Pre Black Friday promotions and consumers’ increased comfort with shopping online kept the crowds at bay this past weekend in stores and on e-commerce sites across the U.S., despite a strengthening economy and lower gas prices that left more money in people’s wallets.
According to a Thanksgiving Weekend Spending Survey conducted for the National Retail Federation by Prosper Insights & Analytics, fewer people were shopping in stores or online this year than last. Overall shopper traffic from Thanksgiving Day through Sunday Nov. 30 dropped by 5.2% from 141.1 million in 2013 to 133.7 million unique holiday shoppers this year. Total shopping trips were also down this year, by 6 percent.
The trade group estimated that total spending for the weekend fell by 11 percent to $50.9 billion from an estimated $57.4 billion last year.
Consumers took advantage of early promotions to put a dent in their shopping lists before the weekend even started, which might have led to some of the decline in weekend shopping.
Another possible reason for the decline is that consumers expect the deals to continue throughout the holiday shopping season. Many industry experts feel this will be the most promotional holiday season in history, with plentiful percent-off and coupon promotions. Dec. 20, the Saturday before Christmas, is expected to be the biggest shopping day of the season.
Black Friday still drew the biggest crowds of the four-day Thanksgiving weekend, however. According to the survey, 86.9 million shoppers were in stores and online on Friday. Though more stores opened on Thanksgiving Day this year, the number of shoppers in stores and online on Thanksgiving Day, 43 million, was flat with last year as a percent of shoppers surveyed.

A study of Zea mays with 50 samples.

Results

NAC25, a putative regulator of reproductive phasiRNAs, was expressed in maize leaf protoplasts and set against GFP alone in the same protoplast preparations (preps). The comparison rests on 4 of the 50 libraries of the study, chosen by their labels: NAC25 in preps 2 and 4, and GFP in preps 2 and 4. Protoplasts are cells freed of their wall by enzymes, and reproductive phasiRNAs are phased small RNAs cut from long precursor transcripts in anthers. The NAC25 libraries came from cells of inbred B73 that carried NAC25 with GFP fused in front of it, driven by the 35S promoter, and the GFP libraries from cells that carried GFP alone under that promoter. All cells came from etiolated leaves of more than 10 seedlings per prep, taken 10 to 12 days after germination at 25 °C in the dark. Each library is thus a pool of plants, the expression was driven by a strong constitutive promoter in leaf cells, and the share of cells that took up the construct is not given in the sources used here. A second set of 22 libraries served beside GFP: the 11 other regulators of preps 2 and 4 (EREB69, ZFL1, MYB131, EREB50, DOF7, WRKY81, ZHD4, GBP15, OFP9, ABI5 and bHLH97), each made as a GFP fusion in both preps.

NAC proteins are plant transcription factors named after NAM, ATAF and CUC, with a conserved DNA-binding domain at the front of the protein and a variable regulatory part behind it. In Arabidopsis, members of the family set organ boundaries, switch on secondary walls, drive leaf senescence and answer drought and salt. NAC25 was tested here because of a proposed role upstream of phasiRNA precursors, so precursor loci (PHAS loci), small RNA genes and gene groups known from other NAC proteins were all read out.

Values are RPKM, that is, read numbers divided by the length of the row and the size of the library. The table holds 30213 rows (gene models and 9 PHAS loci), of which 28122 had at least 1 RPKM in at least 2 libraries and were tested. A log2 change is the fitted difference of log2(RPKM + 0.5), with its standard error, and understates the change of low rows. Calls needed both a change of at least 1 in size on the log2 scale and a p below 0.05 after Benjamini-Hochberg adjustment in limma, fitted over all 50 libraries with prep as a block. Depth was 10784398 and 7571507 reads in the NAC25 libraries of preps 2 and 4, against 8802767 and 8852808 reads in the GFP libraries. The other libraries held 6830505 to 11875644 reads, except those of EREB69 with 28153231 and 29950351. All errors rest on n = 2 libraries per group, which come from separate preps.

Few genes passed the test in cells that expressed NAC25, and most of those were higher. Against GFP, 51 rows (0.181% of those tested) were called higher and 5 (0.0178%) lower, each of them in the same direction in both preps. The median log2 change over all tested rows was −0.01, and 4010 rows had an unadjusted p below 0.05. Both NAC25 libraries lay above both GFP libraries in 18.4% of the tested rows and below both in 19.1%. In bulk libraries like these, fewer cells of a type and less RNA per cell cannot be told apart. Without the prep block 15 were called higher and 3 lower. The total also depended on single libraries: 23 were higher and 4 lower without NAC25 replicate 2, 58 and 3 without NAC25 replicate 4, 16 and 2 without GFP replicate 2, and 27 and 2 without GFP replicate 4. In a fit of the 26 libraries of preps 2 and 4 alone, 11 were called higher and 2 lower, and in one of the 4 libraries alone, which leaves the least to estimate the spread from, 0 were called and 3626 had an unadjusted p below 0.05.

On average, people who shopped over the weekend spent approximately 42 percent of their total average budget.
Most shoppers say they shopped online on Black Friday, with the next largest group shopping online on Saturday. More than a quarter of holiday weekend shoppers were shopping online on Thanksgiving Day.
Apparel was a favorite product category. According to the survey, more than half of those in stores and online over the weekend bought apparel items, one-third purchased toys, and another third bought electronics. One in five purchased home décor or home furnishing items, and more than 28 percent bought gift cards.
Half of holiday shoppers surveyed, or 67.8 million people, said they did or will shop at department stores over the weekend, compared to almost 35 percent at discount stores.
Millennials, viewing the Thanksgiving weekend as a social experience, were a large part of the weekend crowds, both in stores and online. The survey found that almost 75 percent of 18-34 year olds had shopped or were planning to shop over the weekend, far higher than the 35-54 age group, at 53.8%, and those 55 and over, at 39 percent. Adults 18-34 were also more likely to purchase clothing and accessories over the weekend, and to make more of their expenditures online.